I have a few exercises that I've had success with, which I will share as an answer later, but I'm sure that there will be some good suggestions.

  • $\begingroup$ Project Euler is great, but (if memory serves) it quickly moves past the technical level that these kids are at. I'm also looking for problems that speak directly to the curriculum of the age bracket. $\endgroup$ – NiloCK Nov 29 '14 at 1:06

1) have them practice what i call "function deconstruction and reconstruction" in which they are given a mathematical function (conversion between Fahrenheit and Celcius, quadratic formula, etc) and have them code a seperate function for each individual step of calculating the equation. Then in their main function (whichever language it may be) have them attempt to combine all of their functions so that the program actually performs the desired output. It is also useful to have them play around with the order of function calls etc. to explore the order of operations and how it effects the output

2) give them code (preferably one that calculates/evaluates something as per your learning goal) which has some redundancies in it and ask them to "optimize" it, i.e. take out the redundancies. This will require them to not only understand the code and how it relates to the math, but then to analyze where the math is being extraneous

3) give them the challenge to come up with as many ways as possible to calculate the fibonacci sequence, great way to get students thinking about sequences, recursive definitions, iteration, and multiple approaches to the same problem. once they do it you can have them seed their functions with different numbers to see how the sequences will differ

4) give them code that is calculates an equation/formula and have them "decode" the program and come up with what equation/formula it calculates, great way to promote "thinking backwards" and also practice translating between code and maths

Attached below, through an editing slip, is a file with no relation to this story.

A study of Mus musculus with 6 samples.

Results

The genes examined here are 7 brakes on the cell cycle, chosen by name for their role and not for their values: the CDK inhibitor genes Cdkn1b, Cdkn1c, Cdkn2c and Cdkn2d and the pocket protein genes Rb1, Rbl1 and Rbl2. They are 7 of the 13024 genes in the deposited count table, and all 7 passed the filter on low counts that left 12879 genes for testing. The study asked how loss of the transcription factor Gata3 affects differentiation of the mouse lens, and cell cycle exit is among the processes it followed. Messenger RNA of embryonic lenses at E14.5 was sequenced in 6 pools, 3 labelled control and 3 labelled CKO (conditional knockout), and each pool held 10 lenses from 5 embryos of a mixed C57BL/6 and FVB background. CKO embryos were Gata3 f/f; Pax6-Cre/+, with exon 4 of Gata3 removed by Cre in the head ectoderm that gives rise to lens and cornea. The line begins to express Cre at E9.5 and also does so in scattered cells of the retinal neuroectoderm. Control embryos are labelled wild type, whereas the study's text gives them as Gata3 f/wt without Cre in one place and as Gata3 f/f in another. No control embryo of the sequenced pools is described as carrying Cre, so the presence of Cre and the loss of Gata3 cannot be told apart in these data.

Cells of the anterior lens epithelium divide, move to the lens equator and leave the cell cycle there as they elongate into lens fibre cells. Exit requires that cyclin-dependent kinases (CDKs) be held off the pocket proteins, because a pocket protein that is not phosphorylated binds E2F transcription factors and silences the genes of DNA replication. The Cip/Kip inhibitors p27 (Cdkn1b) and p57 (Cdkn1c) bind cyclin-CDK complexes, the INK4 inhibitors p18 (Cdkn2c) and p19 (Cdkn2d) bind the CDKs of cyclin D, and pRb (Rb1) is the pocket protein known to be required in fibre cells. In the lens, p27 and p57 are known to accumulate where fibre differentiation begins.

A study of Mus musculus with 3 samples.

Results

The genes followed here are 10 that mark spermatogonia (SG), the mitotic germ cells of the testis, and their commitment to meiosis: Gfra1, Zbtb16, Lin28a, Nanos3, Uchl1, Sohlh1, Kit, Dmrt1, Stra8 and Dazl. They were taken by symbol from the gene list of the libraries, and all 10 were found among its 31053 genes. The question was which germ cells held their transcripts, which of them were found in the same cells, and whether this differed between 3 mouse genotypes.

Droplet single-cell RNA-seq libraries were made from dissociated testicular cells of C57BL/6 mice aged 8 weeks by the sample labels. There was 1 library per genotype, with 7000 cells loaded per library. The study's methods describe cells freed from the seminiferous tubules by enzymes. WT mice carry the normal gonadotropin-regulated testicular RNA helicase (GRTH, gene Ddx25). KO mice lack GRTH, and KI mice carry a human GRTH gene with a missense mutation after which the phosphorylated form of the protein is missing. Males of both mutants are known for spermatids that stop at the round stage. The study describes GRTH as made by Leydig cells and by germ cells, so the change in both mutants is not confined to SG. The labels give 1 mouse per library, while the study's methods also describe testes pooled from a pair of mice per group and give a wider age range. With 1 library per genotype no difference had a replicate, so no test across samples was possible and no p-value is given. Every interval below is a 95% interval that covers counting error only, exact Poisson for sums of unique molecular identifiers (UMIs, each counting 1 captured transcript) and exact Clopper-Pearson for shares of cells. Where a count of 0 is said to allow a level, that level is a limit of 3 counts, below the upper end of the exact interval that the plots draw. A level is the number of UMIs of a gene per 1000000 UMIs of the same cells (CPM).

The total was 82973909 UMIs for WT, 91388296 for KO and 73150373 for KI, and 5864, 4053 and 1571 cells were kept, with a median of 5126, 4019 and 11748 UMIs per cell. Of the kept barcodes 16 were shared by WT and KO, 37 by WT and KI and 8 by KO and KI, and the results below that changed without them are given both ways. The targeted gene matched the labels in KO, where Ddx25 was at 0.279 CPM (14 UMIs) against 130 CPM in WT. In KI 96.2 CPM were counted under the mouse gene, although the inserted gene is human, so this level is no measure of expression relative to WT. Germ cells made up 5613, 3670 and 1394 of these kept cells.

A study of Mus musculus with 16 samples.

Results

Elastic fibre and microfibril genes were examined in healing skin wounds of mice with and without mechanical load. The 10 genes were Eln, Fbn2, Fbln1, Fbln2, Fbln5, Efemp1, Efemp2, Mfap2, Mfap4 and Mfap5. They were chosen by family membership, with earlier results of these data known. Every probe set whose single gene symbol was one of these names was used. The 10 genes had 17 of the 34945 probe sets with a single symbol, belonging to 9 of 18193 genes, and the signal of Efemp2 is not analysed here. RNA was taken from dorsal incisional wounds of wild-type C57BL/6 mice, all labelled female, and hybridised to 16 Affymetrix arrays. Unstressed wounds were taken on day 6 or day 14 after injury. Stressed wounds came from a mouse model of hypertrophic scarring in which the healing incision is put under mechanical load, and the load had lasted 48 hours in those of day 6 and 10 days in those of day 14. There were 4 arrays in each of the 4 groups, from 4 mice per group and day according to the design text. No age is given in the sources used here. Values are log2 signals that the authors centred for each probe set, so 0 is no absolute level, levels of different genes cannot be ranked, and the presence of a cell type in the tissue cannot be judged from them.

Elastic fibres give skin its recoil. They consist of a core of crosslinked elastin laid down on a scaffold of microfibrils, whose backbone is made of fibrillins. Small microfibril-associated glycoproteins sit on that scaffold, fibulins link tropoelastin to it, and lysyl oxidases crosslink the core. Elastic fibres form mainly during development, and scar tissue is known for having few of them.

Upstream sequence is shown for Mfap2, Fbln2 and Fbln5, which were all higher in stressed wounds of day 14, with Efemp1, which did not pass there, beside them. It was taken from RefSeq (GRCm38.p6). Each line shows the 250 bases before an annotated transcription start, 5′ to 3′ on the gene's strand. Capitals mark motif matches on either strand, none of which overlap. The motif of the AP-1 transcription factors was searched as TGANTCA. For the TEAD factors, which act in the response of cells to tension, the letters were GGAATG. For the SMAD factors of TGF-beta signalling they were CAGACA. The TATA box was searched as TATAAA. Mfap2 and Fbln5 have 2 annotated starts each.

5) have them diagram a program by showing functions/blocks as boxes that are linked with arrows representing function calls/input/output, at first this sounds not math related but i have found that it not only gives them a better understanding of the functional aspect of coding but it also lets them practice diagramming skills which are incredibly helpful when solving math problems, especially word problems

these are just a few that i have tried/thought about trying. if i come up with more i will definitely edit my answer, i hope these help!


(2) Generating the prime numbers upto $n$ is a good programming exercise, with many possible solutions. Maybe they'll discover prime sieves?

(3) Generating strings of $2n$ balanced parentheses is more challenging, but can be explored recursively, e.g., with this code.

def pargen(left,right,string):
    if(left==0 and right==0):
        print string;
    if(left>0):
        pargen(left-1,right+1,string+'(');
    if(right>0):
        pargen(left,right-1,string+')');
pargen(3,0,'');

Eventually they may discover the Catalan numbers. E.g., there are $5$ strings with $n=3$ left parens.